To love, to cherish, and to obey?

In pretty much every movie for my whole life, when a couple is getting married, the bride makes a BIG DEAL out of not wanting to say “obey” as part of the marriage vows. Which, yeah, duh. But is it really as big an issue as Hollywood makes it seem? Not really…

For the record, I am going to focus on Christian marriage vows because as far as I know, other religions don’t have a tradition of using it.

Firstly, to my great surprise, the Catholic church has NEVER had the word “obey” as part of their vows of marriage. Their wording goes like this:

I, ____, take you, ____, to be my (husband/wife). I promise to be true to you in good times and in bad, in sickness and in health. I will love you and honour you all the days of my life.

The usage of “obey” actually comes from the Anglican church, as the vows included “obey” in the very first Book of Common Prayer written in 1549:

Wilt thou have this man to thy wedded houseband, to live together after Goddes ordeinaunce, in the holy estate of matrimonie? Wilt thou obey him, and serve him, love, honor, and kepe him in sickenes and in health? And forsaking al other kepe thee onely to him, so long as you bothe shall live?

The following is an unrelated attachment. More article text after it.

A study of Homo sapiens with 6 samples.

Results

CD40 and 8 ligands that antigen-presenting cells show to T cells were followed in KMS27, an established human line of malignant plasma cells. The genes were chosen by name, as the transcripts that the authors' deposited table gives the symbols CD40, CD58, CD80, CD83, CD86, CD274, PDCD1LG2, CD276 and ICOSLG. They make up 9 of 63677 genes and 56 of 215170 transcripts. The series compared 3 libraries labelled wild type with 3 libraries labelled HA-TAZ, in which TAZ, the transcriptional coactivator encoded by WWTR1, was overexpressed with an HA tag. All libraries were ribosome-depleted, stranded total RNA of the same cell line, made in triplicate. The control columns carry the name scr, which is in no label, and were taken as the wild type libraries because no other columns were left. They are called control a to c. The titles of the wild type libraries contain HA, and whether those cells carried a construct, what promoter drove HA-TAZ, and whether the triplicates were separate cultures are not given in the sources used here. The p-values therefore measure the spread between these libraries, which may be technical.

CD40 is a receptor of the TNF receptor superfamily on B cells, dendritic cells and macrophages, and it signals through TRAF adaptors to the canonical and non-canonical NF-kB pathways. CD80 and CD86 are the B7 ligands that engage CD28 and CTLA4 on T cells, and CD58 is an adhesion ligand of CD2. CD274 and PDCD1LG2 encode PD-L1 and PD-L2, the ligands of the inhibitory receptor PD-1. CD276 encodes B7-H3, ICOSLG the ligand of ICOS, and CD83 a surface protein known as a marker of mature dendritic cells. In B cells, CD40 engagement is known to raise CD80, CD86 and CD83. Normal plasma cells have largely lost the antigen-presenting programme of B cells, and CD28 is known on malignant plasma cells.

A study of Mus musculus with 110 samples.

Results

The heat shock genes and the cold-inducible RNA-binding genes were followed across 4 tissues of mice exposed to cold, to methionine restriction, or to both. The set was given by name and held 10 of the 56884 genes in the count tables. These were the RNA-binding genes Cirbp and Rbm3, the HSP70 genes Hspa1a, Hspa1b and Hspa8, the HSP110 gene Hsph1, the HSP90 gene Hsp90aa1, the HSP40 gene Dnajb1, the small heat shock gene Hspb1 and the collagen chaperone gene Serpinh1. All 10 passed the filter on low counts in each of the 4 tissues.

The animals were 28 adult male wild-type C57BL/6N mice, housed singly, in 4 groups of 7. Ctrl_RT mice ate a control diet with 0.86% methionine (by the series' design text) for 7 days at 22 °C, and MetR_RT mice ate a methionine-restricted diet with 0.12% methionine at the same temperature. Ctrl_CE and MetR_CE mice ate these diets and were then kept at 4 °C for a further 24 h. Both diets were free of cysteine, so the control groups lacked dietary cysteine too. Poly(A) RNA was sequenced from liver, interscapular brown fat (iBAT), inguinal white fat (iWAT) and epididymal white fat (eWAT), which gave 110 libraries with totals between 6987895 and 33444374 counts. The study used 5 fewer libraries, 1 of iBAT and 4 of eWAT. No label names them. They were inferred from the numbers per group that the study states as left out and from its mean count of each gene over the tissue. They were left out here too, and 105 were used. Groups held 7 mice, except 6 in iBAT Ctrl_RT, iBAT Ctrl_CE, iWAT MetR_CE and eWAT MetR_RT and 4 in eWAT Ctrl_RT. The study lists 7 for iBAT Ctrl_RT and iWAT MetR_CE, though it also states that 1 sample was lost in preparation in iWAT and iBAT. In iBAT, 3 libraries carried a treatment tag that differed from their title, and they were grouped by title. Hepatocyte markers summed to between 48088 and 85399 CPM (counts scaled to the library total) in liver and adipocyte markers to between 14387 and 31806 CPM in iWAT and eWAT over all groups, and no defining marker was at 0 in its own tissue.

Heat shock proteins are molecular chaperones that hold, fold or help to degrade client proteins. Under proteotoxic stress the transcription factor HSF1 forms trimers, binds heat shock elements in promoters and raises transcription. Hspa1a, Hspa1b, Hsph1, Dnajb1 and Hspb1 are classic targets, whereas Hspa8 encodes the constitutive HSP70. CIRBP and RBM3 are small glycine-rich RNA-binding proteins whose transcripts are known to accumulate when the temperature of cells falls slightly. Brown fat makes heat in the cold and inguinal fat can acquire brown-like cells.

Which eventually became:

Bride: I,_____, take thee,_____, to be my wedded Husband, to have and to hold from this day forward, for better for worse, for richer for poorer, in sickness and in health, to love, cherish, and to obey, till death us do part, according to God’s holy ordinance; and thereto I give thee my troth.

Many other Protestant denominations, such as Lutherans, cribbed from this in America as immigrants came over and changed their services over from their native tongues.

HOWEVER, the Anglican and Episcopal churches voted in 1922 to remove “obey” from the vows, so honestly, at least 4-5 generations of women have not been instructed to use “obey” in their vows, making much of our cultural rage about the subject a bit of a tempest in a tea pot. And especially now when people are increasingly having civil wedding ceremonies and writing their own vows, there is significantly less pressure to even use traditional vows, let alone obsolete ones that include “obey.” Of course, this excludes the ultra religious nutters who have started to ADD obey into wedding vows that normally wouldn’t include them just so they can show that they are going be a submissive wife…but that’s a whole other situation.

What about your experiences? Did you, your mother, or grandmother say “obey” at her wedding? Did you even use traditional vow wording or did you write your own?


2 thoughts on “To love, to cherish, and to obey?

  1. Well, Princess Elizabeth (soon to become Queen Elizabeth II) insisted on including “obey” in her vows. In the case of Queen Victoria, when the Archbishop of Canterbury broached the subject, she said: “I want to be married as a woman, not as a queen.”